Blog Post created by kristinbigda Employee on Jul 16, 2019

The first part of this week’s post is written by Jen Sisco, Engineer in the NFPA Building and Life Safety Systems group and Staff Liaison to NFPA’s Fire Doors and Windows Technical Committee responsible for the development of NFPA 80 and NFPA 105. Thanks to Jen for sharing her knowledge of this important issue in the Fire Code!

 

Passive fire protection in buildings is a critical element for the protection of people and property within NFPA 1. The use of fire barriers, fire walls, and other fire rated assemblies play a vital role in the subdivision of buildings, protection of hazardous areas, and protection of means of egress. However, for these systems to function in a building there has to be allowances for openings for people, equipment, and other building systems.

                       
An unprotected or improperly protected opening within a fire barrier or fire wall poses the risk of comprising the protection of the assembly. NFPA 1 requires that the installation and maintenance of all devices used to protect openings in walls, floors, and ceiling against the spread of fire and smoke comply with Section 12.4 and NFPA 80. Not only is it important to ensure that all openings are provided with appropriate opening protectives, but also to ensure that these assemblies are properly inspected and maintained.

 

The majority of the requirements in NFPA 1, 12.4 are extracted directly from NFPA 80. This section provides an overview of the inspection, testing, and maintenance (ITM) requirements for fire doors. NFPA 80 provides more comprehensive information relating to the ITM, as well as design and installation of 16 unique type of opening protectives, including fire doors, fire windows, glass block assemblies, fabric fire safety curtains, and fire dampers.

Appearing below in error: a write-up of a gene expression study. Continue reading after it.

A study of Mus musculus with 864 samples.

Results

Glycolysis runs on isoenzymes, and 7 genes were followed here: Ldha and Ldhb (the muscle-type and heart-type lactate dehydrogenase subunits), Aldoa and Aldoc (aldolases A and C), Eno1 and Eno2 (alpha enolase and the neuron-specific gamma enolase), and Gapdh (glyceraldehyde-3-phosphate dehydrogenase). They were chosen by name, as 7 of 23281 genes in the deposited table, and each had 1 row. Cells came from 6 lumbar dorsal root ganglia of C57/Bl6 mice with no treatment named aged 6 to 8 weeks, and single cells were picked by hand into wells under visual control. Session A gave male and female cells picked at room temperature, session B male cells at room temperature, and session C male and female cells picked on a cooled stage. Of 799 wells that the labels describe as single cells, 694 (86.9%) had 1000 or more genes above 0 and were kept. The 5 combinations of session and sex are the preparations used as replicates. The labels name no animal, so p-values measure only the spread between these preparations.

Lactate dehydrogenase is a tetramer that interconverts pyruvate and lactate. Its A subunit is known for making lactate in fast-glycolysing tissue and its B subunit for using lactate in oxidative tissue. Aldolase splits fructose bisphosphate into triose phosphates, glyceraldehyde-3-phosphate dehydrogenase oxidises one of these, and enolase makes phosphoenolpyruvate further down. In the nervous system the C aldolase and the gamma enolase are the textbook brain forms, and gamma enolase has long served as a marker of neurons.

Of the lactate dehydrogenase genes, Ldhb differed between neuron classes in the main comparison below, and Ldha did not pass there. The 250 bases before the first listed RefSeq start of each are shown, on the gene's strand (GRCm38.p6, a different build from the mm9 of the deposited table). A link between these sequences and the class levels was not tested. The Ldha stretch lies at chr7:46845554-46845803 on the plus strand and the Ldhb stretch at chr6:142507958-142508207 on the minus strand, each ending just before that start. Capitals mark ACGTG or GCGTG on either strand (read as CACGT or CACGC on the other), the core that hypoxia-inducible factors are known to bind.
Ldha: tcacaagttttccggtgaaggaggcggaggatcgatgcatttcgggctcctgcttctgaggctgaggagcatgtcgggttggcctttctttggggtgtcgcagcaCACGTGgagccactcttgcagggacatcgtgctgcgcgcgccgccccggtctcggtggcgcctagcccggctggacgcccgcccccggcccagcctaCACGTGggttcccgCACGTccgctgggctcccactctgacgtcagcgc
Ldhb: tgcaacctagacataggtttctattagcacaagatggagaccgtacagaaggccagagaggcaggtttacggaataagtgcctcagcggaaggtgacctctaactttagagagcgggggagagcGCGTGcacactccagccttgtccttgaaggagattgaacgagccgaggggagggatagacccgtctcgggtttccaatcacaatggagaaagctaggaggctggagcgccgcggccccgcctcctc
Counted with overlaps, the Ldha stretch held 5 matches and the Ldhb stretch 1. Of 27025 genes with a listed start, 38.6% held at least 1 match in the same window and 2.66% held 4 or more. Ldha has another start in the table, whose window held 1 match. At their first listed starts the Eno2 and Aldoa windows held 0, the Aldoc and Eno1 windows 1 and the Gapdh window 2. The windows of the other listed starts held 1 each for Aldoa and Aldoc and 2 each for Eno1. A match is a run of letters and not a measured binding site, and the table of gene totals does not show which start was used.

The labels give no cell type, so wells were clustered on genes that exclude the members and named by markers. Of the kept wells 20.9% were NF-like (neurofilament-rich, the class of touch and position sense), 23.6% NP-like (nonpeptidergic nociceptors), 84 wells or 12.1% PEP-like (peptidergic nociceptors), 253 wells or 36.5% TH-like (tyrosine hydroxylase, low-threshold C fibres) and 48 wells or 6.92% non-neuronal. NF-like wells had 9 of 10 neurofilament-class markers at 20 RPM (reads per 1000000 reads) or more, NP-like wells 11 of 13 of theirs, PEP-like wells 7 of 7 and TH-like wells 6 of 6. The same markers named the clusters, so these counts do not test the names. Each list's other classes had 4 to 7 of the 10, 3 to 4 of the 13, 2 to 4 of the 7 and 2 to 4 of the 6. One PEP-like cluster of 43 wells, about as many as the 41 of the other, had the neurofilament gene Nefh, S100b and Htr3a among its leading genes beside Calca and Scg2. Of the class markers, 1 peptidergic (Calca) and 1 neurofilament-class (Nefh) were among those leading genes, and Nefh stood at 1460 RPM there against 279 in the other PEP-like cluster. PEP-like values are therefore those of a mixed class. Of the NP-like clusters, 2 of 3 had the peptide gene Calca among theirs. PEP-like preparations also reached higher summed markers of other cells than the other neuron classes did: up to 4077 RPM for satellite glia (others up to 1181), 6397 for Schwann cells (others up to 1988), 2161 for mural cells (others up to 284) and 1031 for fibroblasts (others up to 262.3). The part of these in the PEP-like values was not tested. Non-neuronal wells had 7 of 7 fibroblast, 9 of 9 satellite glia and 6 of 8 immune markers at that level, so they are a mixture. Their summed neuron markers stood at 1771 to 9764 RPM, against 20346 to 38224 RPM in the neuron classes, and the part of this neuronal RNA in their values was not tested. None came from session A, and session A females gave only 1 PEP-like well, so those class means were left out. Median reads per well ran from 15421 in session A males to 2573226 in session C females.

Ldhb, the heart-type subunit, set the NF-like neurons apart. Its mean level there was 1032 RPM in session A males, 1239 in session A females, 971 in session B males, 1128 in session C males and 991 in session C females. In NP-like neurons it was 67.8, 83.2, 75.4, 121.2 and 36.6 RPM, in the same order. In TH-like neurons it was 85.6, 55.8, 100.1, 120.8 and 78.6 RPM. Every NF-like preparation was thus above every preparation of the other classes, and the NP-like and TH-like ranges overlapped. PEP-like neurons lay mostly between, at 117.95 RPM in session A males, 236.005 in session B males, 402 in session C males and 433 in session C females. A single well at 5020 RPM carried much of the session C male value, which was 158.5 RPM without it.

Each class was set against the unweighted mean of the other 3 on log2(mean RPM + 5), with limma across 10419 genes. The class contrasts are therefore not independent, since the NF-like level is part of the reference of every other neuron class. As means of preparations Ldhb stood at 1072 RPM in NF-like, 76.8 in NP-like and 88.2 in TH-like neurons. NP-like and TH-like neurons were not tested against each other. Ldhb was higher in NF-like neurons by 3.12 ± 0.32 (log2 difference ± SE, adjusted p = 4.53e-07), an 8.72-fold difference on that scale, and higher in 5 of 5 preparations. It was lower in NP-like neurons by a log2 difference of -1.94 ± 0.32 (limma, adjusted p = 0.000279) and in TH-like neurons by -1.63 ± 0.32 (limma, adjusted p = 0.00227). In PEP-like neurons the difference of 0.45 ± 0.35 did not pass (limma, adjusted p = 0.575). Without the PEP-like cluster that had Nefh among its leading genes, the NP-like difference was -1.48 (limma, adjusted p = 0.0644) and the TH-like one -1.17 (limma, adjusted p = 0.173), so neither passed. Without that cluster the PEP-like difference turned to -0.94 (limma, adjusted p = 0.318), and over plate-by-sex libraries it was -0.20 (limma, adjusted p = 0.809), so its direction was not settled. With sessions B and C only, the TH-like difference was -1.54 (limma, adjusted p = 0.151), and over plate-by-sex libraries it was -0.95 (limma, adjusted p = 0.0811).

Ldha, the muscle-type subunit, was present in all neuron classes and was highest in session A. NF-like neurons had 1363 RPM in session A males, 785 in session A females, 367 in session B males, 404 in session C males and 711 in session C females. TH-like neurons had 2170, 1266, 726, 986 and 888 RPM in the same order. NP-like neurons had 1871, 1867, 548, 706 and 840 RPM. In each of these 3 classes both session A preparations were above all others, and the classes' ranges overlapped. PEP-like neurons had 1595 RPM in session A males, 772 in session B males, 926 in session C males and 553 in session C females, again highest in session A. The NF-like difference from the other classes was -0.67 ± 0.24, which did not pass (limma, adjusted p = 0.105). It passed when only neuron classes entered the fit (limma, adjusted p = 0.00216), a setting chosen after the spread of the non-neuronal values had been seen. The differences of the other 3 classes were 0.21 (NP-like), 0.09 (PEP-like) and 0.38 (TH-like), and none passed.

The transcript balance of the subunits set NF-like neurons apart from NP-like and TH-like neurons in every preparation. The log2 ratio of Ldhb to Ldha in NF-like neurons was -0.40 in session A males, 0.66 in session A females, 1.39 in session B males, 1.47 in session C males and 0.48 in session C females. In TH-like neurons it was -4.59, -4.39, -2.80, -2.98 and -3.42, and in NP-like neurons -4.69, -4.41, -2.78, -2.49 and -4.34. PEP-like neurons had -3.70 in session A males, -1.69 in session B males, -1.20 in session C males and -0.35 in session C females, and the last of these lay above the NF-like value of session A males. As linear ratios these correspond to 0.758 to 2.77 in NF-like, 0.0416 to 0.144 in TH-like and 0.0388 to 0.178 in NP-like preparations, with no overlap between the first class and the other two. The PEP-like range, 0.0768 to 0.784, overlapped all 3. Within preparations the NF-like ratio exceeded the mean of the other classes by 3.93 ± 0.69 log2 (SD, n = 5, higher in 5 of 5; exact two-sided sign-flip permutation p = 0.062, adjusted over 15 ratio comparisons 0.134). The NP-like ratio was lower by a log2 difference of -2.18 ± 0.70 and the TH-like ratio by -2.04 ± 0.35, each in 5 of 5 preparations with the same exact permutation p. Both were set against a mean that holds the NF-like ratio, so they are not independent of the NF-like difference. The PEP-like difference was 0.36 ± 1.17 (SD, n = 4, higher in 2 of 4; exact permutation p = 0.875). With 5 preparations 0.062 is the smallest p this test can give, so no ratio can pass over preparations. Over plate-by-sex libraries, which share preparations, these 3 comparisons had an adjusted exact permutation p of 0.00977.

Selection of and proper installation of an appropriate fire door assembly or opening protective is important, but equally as important is the ongoing ITM of these assemblies. Since the 2007 edition of NFPA 80 (referenced by the 2009 edition of NFPA 1), all fire door assemblies require annual inspections. Fire dampers require inspection one year after installation and then every four years or every six years in buildings containing a hospital. As fire inspectors, it is important to understand your responsibility in the fire door (and fire damper inspection process). With many other building fire protection and life safety systems demanding inspection, testing and maintenance resources, it can be hard to juggle the ongoing inspection verification and compliance. But these common building systems that are used every day, cannot be ignored.


Building owners are responsible for ensuring that the fire door (and fire damper) assemblies in their building are properly maintained and part of an annual inspection program. This can be done by in-house personnel with an adequate level of knowledge and understanding of the systems or can be done by a third party vendor (a certified fire door inspector, for example). The fire door inspector conducts the inspections per the minimum criteria in NFPA 1 (and NFPA 80) and the fire inspector/AHJ verifies with buildings that their fire door assemblies are being inspected, testing and maintained as required.


Knowing now that doors are required to be inspected annually, how do you as the AHJ know if a door has been inspected? Records of all periodic testing is required to be maintained for at least three years and be available for review by the AHJ. New to the 2019 edition of NFPA 80, which will be referenced in the 2021 edition of NFPA 1, is the permitted use of inspection markings on the tags or stickers that are applied directly to the assembly documenting an inspection.

 

Looking for additional information on this topic?


To assist in the application of provisions relating to fire doors and other opening protectives, such as those extracted into NFPA 1, NFPA has released a new online training series, “NFPA 80 (2016) Balancing Safety and Security with Fire Doors, Dampers and Door Locking.” This series includes modules offering an NFPA 80 overview, and covers ITM for swinging fire doors, requirements for fire and smoke dampers, and a module on permissible door locking arrangement for all doors.


The educational bundle is designed to help facility managers, building owners, engineers, designers, and code officials deal with essential safety and security features in the buildings that they oversee.


The four module, four-hour, self-paced online fire doors, dampers and door locking training includes more than 30 videos with engineers and others explaining key points, as well as animations, case studies and a Q+A section.